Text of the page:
The crossover between weightlifting and CrossFit is talked about quite a bit, but the discussion usually focuses on one direction of that switch. So many CrossFitters have made the switch over to full-time weightlifting so it’s easy to forget about those who have made the switch the other direction. That is, with the exception of Mathew Fraser. Many people know that he has a history in weightlifting, but I thought I’d dig a little bit into his own thoughts on the transition, his development since the transition, and how he trains now. Runner-up in the 2014 CrossFit Games, here is a little bit about his roots in the iron game and more from the man himself – Mathew Fraser.
Colin Burns: How long were you strictly training for weightlifting before CrossFit, and can you tell us about that experience?
Mat Fraser: Before starting CrossFit, I trained for weightlifting for 10 years. I started when I was about 12 years old. During my weightlifting career, I was ‘03, ‘05, and ‘07 school-age champ, ‘09 Jr. National champ, and ‘09 Jr. World Team member. In 2009, I broke my L5 vertebrea in two spots and had to receive surgery to fix it. I was a resident athlete at the Olympic Training Center in Colorado Springs from ‘08-09 and resident athlete at the Olympic Education Center from ‘10-11.
CB: What inspired you to transition from one sport to the other?
MF: I started CrossFit by accident. I had retired from weightlifting, and didnt step foot in a gym for 4 months. During this time, I lost about 25 pounds and got fat, all at the same time. I decided I wanted to start weightlifting again casually just to get in shape, so I looked up a CrossFit nearby just to see if I could use their bumpers and bar. I started going in more and more often to lift, and every once in a while, the members would convince me to do one of their workouts. After a while, I saw my potential in the sport and started training for it exclusively.
CB: How has your training, primarily in the classic lifts, changed from strictly weightlifting to now having to incorporate so many other movements?
MF: For the most part, I do not train my lifts at all anymore. I saw that my lifts were decent in the CrossFit world, and they would place me high enough in competition without ever training them, so my time would be better spent working on other movements. Occasionally, I will max out my lifts, just to have a rough idea of where they are at.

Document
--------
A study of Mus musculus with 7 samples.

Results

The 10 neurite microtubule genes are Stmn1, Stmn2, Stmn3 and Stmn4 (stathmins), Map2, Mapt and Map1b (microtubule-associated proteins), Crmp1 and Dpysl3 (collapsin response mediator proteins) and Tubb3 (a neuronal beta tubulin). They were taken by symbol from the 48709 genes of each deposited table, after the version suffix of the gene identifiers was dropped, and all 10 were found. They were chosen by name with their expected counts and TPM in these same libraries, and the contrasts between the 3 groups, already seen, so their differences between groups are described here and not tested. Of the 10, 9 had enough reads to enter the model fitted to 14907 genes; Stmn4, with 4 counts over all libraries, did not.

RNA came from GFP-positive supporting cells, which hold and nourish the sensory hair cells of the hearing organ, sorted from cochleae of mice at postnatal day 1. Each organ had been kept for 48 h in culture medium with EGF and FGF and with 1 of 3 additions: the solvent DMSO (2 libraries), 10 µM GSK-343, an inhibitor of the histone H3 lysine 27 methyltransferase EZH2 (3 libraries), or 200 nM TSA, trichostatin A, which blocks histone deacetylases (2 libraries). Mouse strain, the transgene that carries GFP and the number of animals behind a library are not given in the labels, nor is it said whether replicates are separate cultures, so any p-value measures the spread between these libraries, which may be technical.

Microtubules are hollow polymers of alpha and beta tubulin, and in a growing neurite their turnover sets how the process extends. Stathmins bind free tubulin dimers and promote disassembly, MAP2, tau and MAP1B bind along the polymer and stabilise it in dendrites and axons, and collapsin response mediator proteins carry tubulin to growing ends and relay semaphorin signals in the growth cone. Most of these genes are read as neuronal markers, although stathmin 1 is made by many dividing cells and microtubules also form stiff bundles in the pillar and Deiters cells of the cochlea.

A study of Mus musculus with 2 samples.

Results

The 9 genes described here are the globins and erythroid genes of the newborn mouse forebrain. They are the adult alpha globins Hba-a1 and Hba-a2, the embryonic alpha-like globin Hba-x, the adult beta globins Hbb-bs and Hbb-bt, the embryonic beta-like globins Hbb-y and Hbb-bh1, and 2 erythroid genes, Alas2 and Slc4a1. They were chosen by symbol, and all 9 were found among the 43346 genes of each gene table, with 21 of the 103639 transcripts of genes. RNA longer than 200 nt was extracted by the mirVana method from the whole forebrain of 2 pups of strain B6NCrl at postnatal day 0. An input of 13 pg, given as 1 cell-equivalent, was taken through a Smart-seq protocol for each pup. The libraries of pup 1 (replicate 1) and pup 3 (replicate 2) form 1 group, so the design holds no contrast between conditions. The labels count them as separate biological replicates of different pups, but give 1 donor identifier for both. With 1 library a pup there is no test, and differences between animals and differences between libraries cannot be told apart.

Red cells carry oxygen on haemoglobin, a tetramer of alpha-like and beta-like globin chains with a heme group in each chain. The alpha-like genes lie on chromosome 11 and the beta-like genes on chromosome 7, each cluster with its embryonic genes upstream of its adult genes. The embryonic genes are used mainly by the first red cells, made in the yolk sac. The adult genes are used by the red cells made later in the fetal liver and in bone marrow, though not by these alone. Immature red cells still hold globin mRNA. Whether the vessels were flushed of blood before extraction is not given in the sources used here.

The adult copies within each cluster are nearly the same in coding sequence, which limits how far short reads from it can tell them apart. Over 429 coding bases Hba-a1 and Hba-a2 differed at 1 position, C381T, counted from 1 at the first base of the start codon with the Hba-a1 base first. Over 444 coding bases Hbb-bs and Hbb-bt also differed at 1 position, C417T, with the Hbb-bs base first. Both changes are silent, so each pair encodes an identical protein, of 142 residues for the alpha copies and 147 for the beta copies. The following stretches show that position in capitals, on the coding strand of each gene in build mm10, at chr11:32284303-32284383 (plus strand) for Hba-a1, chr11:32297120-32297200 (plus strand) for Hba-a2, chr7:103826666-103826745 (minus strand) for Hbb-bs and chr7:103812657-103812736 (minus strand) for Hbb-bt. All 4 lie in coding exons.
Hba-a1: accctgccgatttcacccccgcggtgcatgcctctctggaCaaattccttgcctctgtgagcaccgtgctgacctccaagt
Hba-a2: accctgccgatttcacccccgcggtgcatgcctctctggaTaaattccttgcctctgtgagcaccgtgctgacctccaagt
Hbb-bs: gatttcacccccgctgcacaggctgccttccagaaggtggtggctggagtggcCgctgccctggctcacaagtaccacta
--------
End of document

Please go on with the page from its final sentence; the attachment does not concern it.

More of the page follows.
CB: I know you have had an all-time PR snatch since switching to CrossFit. Have you had any other major improvements in the lifts or strength movements? What do you think the major factors were that contributed to this?
MF: I have also hit a lifetime clean and jerk PR of 375 pounds (I know it’s illegal to talk in pounds). I attribute it to just being a couple of years older from when I was a lifter, and also I have just developed other muscles that I never did while i was lifting. From CrossFit, I have much stronger hamstrings, back, and upper body. so i think it is those things that allowed me to put more weight on the bar.
CB: After learning from your current training, what would you use or change about your weightlifting training if you were to go back?
MF: If I were to go back to weightlifting, I would train a lot more strength work. I think a lot of lifters already do that, but I never really did. For example, my best press was 70 kg, but my jerk was 190 kg. I always believed that if technique was good, there wasn’t much of a need for upper body strength, but I’ve noticed quite a difference.
CB: What has been the toughest part of making the switch, and what has been the easiest?
MF: The toughest part of making the switch was the cardio. I still feel terrible every time I have to breath heavy. I was so used to doing one lift, and then sitting down for a couple of minutes. But now in CrossFit, you don’t get to sit down….ever. The easiest part was learning how to use my hips in all the other movements. In lifting, all the power comes from legs and hips, so because I knew how to do that well, that translated over well to everything like kettlebell swings, pull ups, muscle ups, etc.
CB: If you could, would you outline your general training for an average week? Specifically, how often do you train the classic lifts and what kind of volume in a week?
MF: In a typical week, I don’t train the lifts other than light snatches/clean and jerks in a metcon. I train once a day, usually for two hours (give or take), about five days a week. i usually just focus on whatever will make me breath heavy.
CB: Do you follow any specific dietary outline, and is it different than what you were doing as a weightlifter? If so, why is it different?
MF: I am sponsored by a company called Paleo Power Meals, so they send me all my food and I’ll primarily stick to that (lots of meat and vegetables). It is a lot different from what I ate as a lifter, mainly because when I was lifting, I always was conscious of staying in my weight class so I always watched my portions. Now, in CrossFit, there are no weight classes, so I can eat as much as I want all the time.
CB: How do you see the interaction between weightlifting and CrossFit panning out in the future? Do you think there will be many highly successful converts one way or the other?
MF: I think the crossover between the two will do nothing but benefit both sides. I think there will be quite a few successful athletes that will make the crossover, going either way. I think the new awareness brought to weightlifting will begin to attract more people that have a passion for it and will increase the talent pool.